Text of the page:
Perhaps the reason I have little patience for literary females who come off as wimps is because the girls I admired when I was young could have been poster children for “still, she persisted”. Argue about nature or nurture all you want; I know that a large part of who I am is due to the literary heroines Anne, Jo, Rebecca, Laura, and Evelyn.
From Anne Shirley, L.M. Montgomery’s red-headed orphan heroine, I got my ability to see the best in any situation. Interest in Anne has flared up again with the newest film version of Anne of Green Gables, but I befriended Anne before I could even read her story myself. One of my earliest memories is of my mother reading from a condensed version of Anne’s story, a large, illustration-filled book.
I found it easy to express my enchantment with Anne’s red hair, the bane of her early existence. What I don’t think I ever explicitly admired but have always tried to emulate is Anne’s ability to find the positive in any situation, no matter how negative. Anne is the incarnation of the little boy who digs happily in a pile of manure because, he says, “There’s gotta be a pony in there somewhere!” Even when the woman who has called for her from the orphanage basically tells her it was a mistake that she was sent, Anne still treasures the sight of the beautiful landscape she experienced between the depot and the house where she has settled. Anne is able to colorize the drab world she inhabits with an imagination that usually puzzles and sometimes delights those around her. Eventually, Anne uses that imagination to become a writer.
Even though Jo March, from Louisa May Alcott’s Little Women, had the loving family Anne did not have as a little girl, she shares Anne’s literary bent. Jo writes plays for her sisters to perform and lurid stories for disreputable papers to help fill her family’s meager coffers. However, the quality I most admire in Jo is her bravery. She may grumble, she may excuse, but Jo always faces whatever has to be faced. Early in the book, she has to endure a social event that irritates her as much as it charms her sister; later, Jo faces her darkest hour when her younger sister Beth dies. Unlike her placid older sister Meg, Jo will not ‘put on a happy face’ when tasked with doing something she dislikes, but she does it, and she is usually stronger and wiser for it.
Rebecca Rowena Randall, from Kate Douglas Wiggin’s Rebecca of Sunnybrook Farm, is an underrated literary heroine. We hear much less about her than we do of characters like Anne and Jo, but Rebecca shared their creativity and optimism. When Rebecca’s mother sends her to live with her two maiden aunts in order to give her opportunities she wouldn’t have at home, Rebecca must learn to curb the flamboyant instincts that have survived her modest, even impoverished, upbringing. Like Anne, Rebecca has to learn to act in a socially acceptable way in a small, conservative, turn-of-the-century community. Like Anne, she longs for bright clothes instead of the drab ones her aunts sentence her to wear.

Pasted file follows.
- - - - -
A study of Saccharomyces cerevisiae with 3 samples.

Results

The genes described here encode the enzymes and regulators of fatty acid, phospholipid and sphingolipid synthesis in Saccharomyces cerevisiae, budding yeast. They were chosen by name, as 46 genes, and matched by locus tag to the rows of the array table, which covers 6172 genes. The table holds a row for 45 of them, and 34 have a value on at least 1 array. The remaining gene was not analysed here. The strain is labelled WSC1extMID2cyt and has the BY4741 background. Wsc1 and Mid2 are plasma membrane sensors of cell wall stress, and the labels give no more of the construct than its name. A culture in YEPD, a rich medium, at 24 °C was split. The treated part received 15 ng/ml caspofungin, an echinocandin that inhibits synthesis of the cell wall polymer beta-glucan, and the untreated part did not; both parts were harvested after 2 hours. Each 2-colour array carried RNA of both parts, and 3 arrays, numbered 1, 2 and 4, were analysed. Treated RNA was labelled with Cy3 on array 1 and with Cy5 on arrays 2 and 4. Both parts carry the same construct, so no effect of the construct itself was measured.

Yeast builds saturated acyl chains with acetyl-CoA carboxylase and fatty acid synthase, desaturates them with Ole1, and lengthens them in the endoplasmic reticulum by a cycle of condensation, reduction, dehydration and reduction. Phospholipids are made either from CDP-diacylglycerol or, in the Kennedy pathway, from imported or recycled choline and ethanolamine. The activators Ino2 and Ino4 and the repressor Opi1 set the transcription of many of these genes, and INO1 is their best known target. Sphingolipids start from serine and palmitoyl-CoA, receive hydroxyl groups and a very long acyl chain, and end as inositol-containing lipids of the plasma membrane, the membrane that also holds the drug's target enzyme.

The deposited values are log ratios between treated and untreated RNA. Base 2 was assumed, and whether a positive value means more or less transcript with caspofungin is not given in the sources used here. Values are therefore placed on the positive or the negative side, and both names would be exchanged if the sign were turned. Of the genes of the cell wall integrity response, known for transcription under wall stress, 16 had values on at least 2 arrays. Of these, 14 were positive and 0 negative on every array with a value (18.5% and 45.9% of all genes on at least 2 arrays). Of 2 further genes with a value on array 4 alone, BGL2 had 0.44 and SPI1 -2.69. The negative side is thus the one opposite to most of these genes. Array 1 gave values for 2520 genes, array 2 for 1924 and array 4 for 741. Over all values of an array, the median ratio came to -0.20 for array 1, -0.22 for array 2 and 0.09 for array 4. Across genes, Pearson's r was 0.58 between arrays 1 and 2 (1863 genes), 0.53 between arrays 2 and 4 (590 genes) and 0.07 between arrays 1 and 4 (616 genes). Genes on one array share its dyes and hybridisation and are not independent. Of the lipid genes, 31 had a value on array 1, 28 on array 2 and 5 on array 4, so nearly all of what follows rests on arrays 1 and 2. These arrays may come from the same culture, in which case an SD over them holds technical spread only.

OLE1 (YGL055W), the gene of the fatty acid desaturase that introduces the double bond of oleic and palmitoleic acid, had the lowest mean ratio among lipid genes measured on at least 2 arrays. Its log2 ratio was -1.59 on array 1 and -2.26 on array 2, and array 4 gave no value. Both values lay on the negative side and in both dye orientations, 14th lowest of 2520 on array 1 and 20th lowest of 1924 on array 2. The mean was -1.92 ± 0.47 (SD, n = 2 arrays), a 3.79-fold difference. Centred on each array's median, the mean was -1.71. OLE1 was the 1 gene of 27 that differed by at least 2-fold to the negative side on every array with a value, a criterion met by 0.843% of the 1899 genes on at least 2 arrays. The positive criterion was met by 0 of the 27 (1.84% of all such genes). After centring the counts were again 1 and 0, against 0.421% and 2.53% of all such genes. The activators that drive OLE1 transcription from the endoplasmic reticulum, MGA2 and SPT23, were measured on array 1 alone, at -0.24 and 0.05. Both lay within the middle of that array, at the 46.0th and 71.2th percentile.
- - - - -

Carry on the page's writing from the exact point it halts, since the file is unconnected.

Rebecca’s key attribute is her optimism. Even though she has lived a hard life, she always seem certain that all will be well. In fact, accusing someone of being a “Rebecca of Sunnybrook Farm” is one way of calling them out for their unwarranted optimism. Rebecca’s optimism may seem odd to others, but the belief that everything will turn out for the best is what has allowed her to survive her sad upbringing. Like Anne, Rebecca expresses that spirit by writing poems and stories.
Ironically, the one heroine among these five that doesn’t write is Laura Ingalls, the autobiographical lead character in the Little House on the Prairie series. I admire her physical hardiness. Pa calls her his little French horse, and you know it had to take some kind of intestinal fortitude to survive everything the frontier threw at the family. Many people remember Laura and her family twisting straw sticks to make fuel for the stove during the Long Winter, but I often think about how they’d wake up with snow ON THE BED. Laura never shirked work, at one point making the long walk into town to sew buttons onto shirts all day. Laura had psychological grit as well. As a child, Laura had no problem handling the disgusting leeches in the creek to torment her nemesis Nellie. Later, when she got her first teaching job, she managed to survive the weird, psychologically strained atmosphere in the house where she boarded.
And then there’s Evelyn.
The protagonist of Jane Langton’s novel, Paper Chains, she had the long red hair I’d always wanted since I read about Anne, and she was intellectually curious in a way I wanted to be. I loved Paper Chains so much that I kept it checked out of the library constantly and wrote the author to tell her so. She responded with a delightful letter and a copy of the book so I would have one of my very own.
The novel is about Evelyn’s first semester at an Eastern university, and I formed many of my ideas about what college was going to be like by reading it. Evelyn’s writing consists mostly of notes from her philosophy class (which introduced me to philosophical concepts like the allegory of the cave) and unsendable love letters to the professor on whom she develops a crush.
Evelyn’s wild enthusiasm for the everyday inspired me. Keeping a dog hidden from campus authority figures, cartwheeling across an intersection, or loping up stairs to the forbidden bell tower, Evelyn always takes big bites out of life. She seems to echo Rosalind Russell, who said in her Auntie Mame incarnation, “Life is a banquet, and most poor suckers are starving to death.”
Who am I today because of these characters? I feel that being a reader made me a writer, so I can partially credit all five of these young women for that. More than that, though, I think the curiosity they all share helped me develop my own curiosity about people that helps me as I try to be the best teacher, writer, and human I can be.